Background The vulnerability to infection observed in newborns is associated with a limited ability to mount efficient immune responses. Elevated circulating levels of anti-inflammatory mediators (adenosine, prostaglandins,...) reduce production of pro-inflammatory cytokines by newborn monocytes upon microbial challenge. We hypothesised that macrophage migration inhibitory factor (MIF), a pro-inflammatory cytokine constitutively expressed in blood and immune cells, counter-balances the anti-inflammatory milieu of newborns.
Methods MIF plasma levels were measured by ELISA in 200 healthy subjects, from birth to adulthood. Cord blood monocytes from term newborns were transfected with MIF siRNA, or were incubated with the MIF antagonist ISO-1, recombinant MIF, adenosine and prostaglandin E2 (PGE2) and then stimulated with endotoxin, bacterial lipopeptide, Escherichia coli and Group B Streptococcus (GBS). Intracellular proteins and cell-culture supernatants were collected to quantify MAPK phosphorylation by Western blot and cytokines by ELISA/Luminex.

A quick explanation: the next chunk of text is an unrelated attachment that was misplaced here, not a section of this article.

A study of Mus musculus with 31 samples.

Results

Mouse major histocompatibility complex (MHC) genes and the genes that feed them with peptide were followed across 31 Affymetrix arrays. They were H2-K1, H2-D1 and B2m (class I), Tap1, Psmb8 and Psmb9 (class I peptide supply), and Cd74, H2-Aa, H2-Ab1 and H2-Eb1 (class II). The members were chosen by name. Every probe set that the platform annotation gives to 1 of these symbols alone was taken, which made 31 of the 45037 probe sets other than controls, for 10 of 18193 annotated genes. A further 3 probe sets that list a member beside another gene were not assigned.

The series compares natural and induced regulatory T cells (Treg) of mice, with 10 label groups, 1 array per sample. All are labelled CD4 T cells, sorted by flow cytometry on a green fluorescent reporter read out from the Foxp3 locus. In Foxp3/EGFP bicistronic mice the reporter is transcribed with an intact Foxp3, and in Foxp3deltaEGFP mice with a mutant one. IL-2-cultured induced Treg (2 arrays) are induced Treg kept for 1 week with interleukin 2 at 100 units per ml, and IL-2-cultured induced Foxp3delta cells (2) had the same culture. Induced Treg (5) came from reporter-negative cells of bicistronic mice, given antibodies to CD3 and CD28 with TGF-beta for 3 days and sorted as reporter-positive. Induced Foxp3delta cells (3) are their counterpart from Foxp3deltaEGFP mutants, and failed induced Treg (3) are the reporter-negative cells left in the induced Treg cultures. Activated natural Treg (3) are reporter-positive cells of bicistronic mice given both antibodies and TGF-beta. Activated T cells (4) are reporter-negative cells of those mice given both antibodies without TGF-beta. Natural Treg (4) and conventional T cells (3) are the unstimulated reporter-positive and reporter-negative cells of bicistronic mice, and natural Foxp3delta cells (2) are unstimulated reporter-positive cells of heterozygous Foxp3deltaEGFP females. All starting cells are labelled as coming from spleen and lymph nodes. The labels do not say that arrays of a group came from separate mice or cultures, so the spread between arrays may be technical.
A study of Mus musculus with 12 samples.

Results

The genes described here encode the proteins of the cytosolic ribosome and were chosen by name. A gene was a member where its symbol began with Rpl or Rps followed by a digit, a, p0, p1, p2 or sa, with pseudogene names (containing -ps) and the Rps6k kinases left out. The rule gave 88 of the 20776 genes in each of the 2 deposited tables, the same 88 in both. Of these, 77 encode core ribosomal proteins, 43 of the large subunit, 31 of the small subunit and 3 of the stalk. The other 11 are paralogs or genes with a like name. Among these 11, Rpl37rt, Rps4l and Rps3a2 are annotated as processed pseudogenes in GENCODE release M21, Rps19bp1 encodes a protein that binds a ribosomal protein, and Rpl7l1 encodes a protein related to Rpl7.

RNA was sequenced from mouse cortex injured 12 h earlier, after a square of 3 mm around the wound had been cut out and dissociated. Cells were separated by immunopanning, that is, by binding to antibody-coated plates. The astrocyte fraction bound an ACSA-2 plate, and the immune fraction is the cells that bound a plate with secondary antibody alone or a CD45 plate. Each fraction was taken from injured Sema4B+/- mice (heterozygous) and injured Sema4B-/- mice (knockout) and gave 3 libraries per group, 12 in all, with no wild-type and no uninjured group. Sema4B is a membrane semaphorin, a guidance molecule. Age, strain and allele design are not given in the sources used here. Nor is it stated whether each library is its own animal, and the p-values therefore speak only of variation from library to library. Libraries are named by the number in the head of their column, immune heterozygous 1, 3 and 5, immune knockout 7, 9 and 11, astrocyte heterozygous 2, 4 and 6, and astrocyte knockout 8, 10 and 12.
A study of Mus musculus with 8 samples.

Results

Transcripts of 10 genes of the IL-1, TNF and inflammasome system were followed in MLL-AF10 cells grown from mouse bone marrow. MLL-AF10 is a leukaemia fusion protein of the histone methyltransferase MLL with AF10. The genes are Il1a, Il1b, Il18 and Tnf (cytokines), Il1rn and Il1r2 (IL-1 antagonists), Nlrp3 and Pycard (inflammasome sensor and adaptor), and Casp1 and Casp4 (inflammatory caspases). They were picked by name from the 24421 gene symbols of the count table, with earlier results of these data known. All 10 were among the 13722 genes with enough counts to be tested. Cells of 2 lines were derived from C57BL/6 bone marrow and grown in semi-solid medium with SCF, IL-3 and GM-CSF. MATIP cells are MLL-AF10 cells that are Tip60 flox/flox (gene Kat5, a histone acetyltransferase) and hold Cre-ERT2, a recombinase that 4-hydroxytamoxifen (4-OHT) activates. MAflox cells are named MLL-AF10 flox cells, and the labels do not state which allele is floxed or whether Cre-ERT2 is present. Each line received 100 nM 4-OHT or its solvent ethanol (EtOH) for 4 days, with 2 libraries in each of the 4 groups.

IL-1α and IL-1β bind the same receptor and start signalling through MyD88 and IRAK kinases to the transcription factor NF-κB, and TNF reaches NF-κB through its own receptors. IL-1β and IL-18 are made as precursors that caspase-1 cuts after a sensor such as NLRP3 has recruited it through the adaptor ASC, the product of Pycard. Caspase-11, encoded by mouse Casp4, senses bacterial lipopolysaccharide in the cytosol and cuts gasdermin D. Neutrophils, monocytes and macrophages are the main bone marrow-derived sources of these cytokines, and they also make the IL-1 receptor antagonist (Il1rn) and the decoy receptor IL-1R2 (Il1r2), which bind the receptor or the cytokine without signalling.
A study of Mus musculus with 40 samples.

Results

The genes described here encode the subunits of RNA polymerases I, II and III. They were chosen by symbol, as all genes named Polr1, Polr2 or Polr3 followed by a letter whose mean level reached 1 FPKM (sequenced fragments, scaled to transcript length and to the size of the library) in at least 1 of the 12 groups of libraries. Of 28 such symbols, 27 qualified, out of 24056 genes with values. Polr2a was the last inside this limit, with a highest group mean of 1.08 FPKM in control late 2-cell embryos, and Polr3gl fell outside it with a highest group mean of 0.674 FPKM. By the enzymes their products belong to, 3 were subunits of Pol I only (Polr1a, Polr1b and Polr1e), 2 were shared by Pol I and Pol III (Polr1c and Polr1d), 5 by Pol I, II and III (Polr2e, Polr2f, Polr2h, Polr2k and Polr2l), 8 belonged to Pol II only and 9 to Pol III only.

Results Circulating MIF levels were 10-fold higher in newborns than adults, and decreased during infancy. Newborn monocytes expressed high MIF levels, and released MIF upon stimulation with Escherichia coli and GBS. Inhibition of MIF expression with MIF siRNA or MIF activity with ISO-1 reduced 1.5–5.7-fold microbial product-induced secretion of pro-inflammatory (TNF, IL-1β, IL-6, IL-8, IL-12p40, IL-12p70, IL-23) and anti-inflammatory (IL-10, IL-20, IL-27) cytokines and phosphorylation of p38 and ERK1/2 MAPKs. Recombinant MIF counter-regulated adenosine and PGE2-mediated inhibition of TNF production in Escherichia coli-stimulated newborn monocytes.
Conclusions MIF expression is developmentally regulated, with strikingly elevated levels in newborns compared to adults. High MIF levels at birth may act to balance pro/anti-inflammatory immune responses in newborns.